Wednesday, May 28, 2014

Be a Consumer of Experiences

Dee Williams, author of the new book The Big Tiny, was the key note speaker at the Tiny House Conference back in April. She was a dynamic and inspirational speaker and it was well worth listening too.

One of the things she mentioned is that tiny house people, herself included, aren't suddenly immune from wanting things. Just because we choose to downsize our lives and have fewer possessions doesn't mean we don't want anything.

In fact, in some ways, tiny house people are all about things. They just happen to be different things and may serve multiple purposes. For instance, I finally upgraded to a smart phone so I could combine my phone and my iPod into one gadget. Now I only carry one handheld computing device with me everywhere I go. I wanted it, so I bought it. I use it for streaming video, reading books, checking up on the internet. It is useful to me.

Siena Italy: a favorite destination
But there has been one specific area of my life where my need to consume and my drive for simple living actually converge. They feed and compliment one another.

I am a consumer of experiences.

When I get an urge to spend money or to acquire something I redirect my energy. Instead of saying "what can I buy?" I say "what can I do?"

Some of theses experiences are free or cheap. Others require my full evaluation about the time I will spend earning the money to afford them. In either case I am rewarded not only with a thing but with an adventure. I meet new people, I try new things, and I am a better person when it is over. And I can sit back and recall all the amazing things that happened and enjoy the experience all over again.

Experiences and tiny living are a perfect match. Our simplified lifestyle often means we have more time to explore new things. We save money by not having a mortgage or high energy bills. And we don't want to fill our tiny homes with lots of additional, unnecessary stuff.

So next time you're thinking about the things you can spend your money on consider an experience instead: a trip to another place or a local event like a concert or art festival. Use this opportunity to expand your community and do things you never thought you would do. Be a consumer of experiences.

Monday, May 19, 2014

Let's Go For A Walk

When we talk to people about our house we say that we built our tiny house half way up a mountain with no road access.

We built here on purpose. We liked the spot on our mountain and we loved the idea of having a nature hike built into our every day.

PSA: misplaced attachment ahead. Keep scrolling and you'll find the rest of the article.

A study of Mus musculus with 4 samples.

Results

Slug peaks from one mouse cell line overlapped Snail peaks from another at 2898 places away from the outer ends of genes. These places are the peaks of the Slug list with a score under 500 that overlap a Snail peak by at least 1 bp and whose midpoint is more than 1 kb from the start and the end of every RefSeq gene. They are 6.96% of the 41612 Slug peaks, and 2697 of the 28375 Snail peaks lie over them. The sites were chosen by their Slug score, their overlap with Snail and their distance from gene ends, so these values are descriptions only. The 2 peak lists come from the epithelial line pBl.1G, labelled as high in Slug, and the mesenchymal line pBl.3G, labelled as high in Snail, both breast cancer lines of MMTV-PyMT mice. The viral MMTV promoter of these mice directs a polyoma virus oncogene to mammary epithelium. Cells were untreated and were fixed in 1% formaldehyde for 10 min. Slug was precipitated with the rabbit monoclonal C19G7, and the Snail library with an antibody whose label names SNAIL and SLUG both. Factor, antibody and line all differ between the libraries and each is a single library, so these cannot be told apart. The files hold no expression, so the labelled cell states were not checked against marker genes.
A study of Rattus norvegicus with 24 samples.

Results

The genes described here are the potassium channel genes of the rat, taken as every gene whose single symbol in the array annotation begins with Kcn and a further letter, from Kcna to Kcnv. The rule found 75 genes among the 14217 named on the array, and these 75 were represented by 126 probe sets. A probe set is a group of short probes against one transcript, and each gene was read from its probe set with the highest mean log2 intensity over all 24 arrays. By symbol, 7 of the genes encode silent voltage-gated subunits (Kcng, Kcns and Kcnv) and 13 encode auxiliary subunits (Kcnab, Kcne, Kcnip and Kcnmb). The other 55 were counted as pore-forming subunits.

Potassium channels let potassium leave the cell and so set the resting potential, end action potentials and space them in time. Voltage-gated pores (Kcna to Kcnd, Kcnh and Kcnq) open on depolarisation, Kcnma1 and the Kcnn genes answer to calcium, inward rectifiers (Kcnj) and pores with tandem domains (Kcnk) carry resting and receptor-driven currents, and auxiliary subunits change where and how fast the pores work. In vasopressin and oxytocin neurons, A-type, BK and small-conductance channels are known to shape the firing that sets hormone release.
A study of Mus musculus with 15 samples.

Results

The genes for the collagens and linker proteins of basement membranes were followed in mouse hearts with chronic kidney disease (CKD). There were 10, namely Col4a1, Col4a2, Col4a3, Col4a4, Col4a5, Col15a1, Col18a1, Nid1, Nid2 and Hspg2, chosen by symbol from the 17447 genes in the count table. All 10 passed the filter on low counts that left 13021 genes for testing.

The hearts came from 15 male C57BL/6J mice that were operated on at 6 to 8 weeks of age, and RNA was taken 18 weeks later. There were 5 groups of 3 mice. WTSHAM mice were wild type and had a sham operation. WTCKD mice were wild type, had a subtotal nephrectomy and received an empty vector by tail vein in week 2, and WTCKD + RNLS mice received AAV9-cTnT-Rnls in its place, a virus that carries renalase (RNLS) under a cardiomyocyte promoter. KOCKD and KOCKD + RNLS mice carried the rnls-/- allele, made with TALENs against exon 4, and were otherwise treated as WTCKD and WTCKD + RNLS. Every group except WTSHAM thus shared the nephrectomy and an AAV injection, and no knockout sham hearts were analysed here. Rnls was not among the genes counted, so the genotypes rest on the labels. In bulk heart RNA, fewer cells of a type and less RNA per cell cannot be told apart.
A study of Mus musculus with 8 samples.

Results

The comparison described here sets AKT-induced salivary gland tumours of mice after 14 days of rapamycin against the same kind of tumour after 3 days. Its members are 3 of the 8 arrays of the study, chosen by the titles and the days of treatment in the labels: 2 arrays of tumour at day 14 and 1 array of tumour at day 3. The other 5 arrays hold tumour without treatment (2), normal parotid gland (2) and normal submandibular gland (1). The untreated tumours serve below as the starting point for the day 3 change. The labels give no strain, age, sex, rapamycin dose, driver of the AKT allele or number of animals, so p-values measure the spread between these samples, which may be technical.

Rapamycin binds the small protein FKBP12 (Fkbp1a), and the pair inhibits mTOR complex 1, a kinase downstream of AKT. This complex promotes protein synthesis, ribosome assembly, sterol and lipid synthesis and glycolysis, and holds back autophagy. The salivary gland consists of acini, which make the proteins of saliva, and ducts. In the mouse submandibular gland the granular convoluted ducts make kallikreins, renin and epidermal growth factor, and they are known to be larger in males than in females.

I thought it might be nice not to just tell you how far it is but take you on the walk. Let me tell you - it is not easy to film a hike up a mountain using an iPhone - and narrating at the same time, but I did the best I could. I hope this can give you a little perspective into our tiny life.

Friday, May 16, 2014

The Tiny Table: Best Green Beans Ever

I had to share this simple tiny table recipe. Simple is the name of the game in our tiny house and cooking.

I found this amazing green bean recipe on Pinterest, but the star of the show here is not the beans but the sauce that goes on them. I am now imagining using this sauce on all the things!

Here is the jist:
  • 1 tablespoon soy sauce
  • 1 tablespoon sesame oil
  • 1 teaspoon honey
  • 1 teaspoon sriracha
  • Fresh ground pepper
That's it.

We had bought some green beans and I expected that we would just toss them in some olive oil with garlic, salt and pepper. I decided to look up some recipes really quick instead. We had all the ingredients to make this happen so I whipped it up. It was so delicious. Now I want to make the sauce for fish and meats and stir fries!

We paired the green beans with salmon and it was a delicious, easy to prepare dinner that can be made on the grill (for the fish) and with the camp oven.

Thursday, May 8, 2014

Laundry in the Tiny House

I was recently asked about how we handle laundry in the tiny house.

The answer for us was pretty short and simple. We didn't want a washer and dryer in our home. Instead we planned early on to go to a local laundromat and we built that into our weekly expenses.

These are just the pale ales and IPAs
When we first moved into the tiny house we began to go to the closest, traditional landromat and we wondered if we had made a mistake. Bright florescent lights beat down on us while we listened to the sounds of the washers and dryers and tried not to think about the heavy smell of fabric softener in the air.

I did not like it. I hadn't been to a laundromat since I was in college and I had forgotten what it was like.

But then we stumbled upon the BEST THING EVER. And yes, I'm shouting.

We learned about Bar of Soap, a laundromat/bar located in North Asheville. It is about a 20 minute drive from the tiny house and well worth the trip. We quickly learned that we had time for one beer while the washer was running, one beer while the dryer was running, and then we were ready to fold our laundry and go. We got to know the bartenders and we became Tuesday regulars. The bar features all canned beers and when fully stocked have about 80 to choose from.

Check out this local podcast featuring the owner of Bar of Soap.

Full disclosure - I now work for Bar of Soap one day a week. It was such a great place and I got to know everyone there that they offered me a job. It is as much fun to work there as it is to hang out. 

One of the biggest differences a laundromat/bar made in our routine was that laundry became an "entrainment" expense rather than a utility. I know this sounds like picking nits but going out to the bar is a big part of our social experience so we were able to combine a necessary chore into an afternoon enjoying beers.

Laundromat/bars are starting to gain momentum across the country, and the world. If you don't necessarily enjoy laundry but you enjoy going out to the bar you may want to search your town for a similar business.